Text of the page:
Every year, applicants ask us tons of questions about the AMCAS. Although you’ve been hearing about it and know that you’ll likely use it for your med school applications, the AMCAS itself can be a little mystifying. Therefore, we’ve put together this brief Q&A to help medical school applicants get a grasp on the AMCAS and prepare for success this application season.
What exactly is the AMCAS? Do all med schools use it?
AMCAS stands for American Medical College Application Service, and the name says it all. They provide a service for medical schools by processing first year medical school applications. AMCAS does not make any decisions about who does or does not get into any particular medical school. Their job is to ensure that the application that you submit is accurate and complete.
Also, not all med schools use them. Only allopathic medical schools (MD) use AMCAS, and there are schools such as Texas medical schools and Caribbean medical schools that use either a different system or require an individual application. Finally, osteopathic schools (DO) use a different system (AACOMAS) as do podiatry schools (AACPMAS).
What is the deadline?
The medical schools themselves, not AMCAS, sets deadlines. Therefore, you need to find out the deadlines from each school. Regarding the AMCAS system itself, in order to meet your school’s deadlines, you’ll need to submit your application by 11:59 pm Eastern time.
What exactly will I need to complete the application?
There are 9 sections to the AMCAS:
1. Identifying Information – This section is basic information about your name, date of birth, and gender.
2. Schools Attended – AMCAS will ask about the high school that you graduated from and all colleges attended. Even if you enrolled in a college class but didn’t complete it, AMCAS wants to know. Therefore, you’ll need a transcript from every college you attended. While AMCAS does allow for electronic submission of transcripts from certain colleges, it is still recommended that you have a paper copy of your own for reference as you complete the application.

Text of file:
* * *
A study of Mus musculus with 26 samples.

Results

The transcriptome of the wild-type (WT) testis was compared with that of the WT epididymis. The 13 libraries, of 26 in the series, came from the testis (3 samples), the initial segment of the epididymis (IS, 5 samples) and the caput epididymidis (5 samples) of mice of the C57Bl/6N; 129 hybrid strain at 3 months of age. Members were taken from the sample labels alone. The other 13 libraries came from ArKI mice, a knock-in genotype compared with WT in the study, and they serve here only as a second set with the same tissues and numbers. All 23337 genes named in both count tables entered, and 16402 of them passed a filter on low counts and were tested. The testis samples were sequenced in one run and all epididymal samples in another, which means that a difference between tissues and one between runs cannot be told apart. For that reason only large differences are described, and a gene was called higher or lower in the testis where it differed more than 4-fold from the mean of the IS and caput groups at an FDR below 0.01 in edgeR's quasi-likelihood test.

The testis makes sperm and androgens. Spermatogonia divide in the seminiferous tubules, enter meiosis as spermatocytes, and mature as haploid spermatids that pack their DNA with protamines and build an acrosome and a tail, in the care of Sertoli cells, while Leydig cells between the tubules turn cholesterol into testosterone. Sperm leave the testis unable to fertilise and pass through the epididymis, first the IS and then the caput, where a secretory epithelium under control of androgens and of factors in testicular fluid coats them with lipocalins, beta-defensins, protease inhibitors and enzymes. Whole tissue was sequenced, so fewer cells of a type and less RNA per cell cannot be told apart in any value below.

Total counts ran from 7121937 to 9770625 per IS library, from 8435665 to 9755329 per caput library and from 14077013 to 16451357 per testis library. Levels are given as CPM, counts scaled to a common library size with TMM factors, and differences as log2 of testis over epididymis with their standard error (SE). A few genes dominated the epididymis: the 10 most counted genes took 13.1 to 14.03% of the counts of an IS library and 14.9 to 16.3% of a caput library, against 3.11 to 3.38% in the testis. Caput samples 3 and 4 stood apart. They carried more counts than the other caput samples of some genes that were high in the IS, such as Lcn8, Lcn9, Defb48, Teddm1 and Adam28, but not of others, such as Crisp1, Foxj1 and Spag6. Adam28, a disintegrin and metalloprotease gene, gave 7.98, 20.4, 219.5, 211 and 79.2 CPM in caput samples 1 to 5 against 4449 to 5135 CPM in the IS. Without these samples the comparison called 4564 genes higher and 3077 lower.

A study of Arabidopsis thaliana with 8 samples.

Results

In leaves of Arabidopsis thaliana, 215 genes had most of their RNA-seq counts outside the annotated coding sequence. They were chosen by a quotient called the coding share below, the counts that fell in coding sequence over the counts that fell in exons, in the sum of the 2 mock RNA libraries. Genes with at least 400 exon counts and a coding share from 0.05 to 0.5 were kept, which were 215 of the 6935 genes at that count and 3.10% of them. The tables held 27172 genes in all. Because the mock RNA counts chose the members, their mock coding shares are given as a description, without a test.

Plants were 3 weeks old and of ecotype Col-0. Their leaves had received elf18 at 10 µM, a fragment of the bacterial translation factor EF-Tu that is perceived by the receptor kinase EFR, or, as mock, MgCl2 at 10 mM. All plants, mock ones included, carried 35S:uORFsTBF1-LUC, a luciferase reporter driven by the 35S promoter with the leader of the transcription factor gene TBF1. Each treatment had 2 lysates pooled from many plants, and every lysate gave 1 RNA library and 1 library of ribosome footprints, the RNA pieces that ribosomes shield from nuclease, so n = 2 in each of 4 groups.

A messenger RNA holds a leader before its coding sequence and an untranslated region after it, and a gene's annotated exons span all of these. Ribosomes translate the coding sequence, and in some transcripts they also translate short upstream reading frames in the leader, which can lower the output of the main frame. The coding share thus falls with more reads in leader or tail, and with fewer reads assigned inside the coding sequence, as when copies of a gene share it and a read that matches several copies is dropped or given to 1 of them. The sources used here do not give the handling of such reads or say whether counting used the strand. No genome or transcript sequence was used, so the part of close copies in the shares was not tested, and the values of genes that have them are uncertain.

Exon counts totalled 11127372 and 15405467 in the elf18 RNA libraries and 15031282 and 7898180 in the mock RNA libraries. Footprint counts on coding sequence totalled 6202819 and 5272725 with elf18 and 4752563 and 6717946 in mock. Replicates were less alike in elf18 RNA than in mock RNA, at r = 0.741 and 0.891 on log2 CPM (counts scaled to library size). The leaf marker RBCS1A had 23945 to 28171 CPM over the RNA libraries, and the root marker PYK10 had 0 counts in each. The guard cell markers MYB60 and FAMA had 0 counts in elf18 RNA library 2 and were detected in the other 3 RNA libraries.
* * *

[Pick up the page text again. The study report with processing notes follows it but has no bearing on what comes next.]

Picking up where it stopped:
3. Biographic Information – This includes personal information such as your address, citizenship, languages, military service, and family information.
4. Course Work – In this section, you will provide detailed information about your college coursework. Also, this is the section that causes the most delays or rejections from AMCAS. This section needs to be completed precisely, and usually minor data entry errors are what trip up applicants. Moreover, once you’ve submitted your application, you can’t change this section. If you make a mistake, you’ll have to wait for AMCAS to get in contact with you. Therefore, start early and take your time with this section. Wait until you’re sure that everything is perfectly accurate before you make your final submission.
5. Work and Activities – This is where you’ll include your work experiences as well as write about your Most Meaningful Experiences.
6. Letters of Evaluation (Letters of Recommendation) – The AMCAS system allows you to submit up to 10 letters of evaluation so that you can tailor the letters of recommendation to different schools, if you wish.
7. Medical Schools – Here is where you will select the schools that you would like to receive your application as well as indicate whether or not you would like to apply for Early Decision.
8. Essays – This is the section where you will add your Personal Comments Essay, MD/PhD, and Significant Research essays.
9. Standardized Tests – The MCAT will automatically send your scores to AMCAS. For combined programs or for international students, you might also need to submit standardized test scores such as the GRE or TOEFL. You will need to make sure that your standardized test scores other than the MCAT are submitted to AMCAS.
How long does it take?
During AMCAS’ busy season, it will take about six weeks for your application to be processed.
What happens after I submit my application?
AMCAS is only the first step. Acceptance into medical school will come from the schools themselves, not AMCAS. Medical schools that are interested in your application will likely ask for follow-up information, an interview, and follow-up essays (secondary essays or just ‘secondaries’).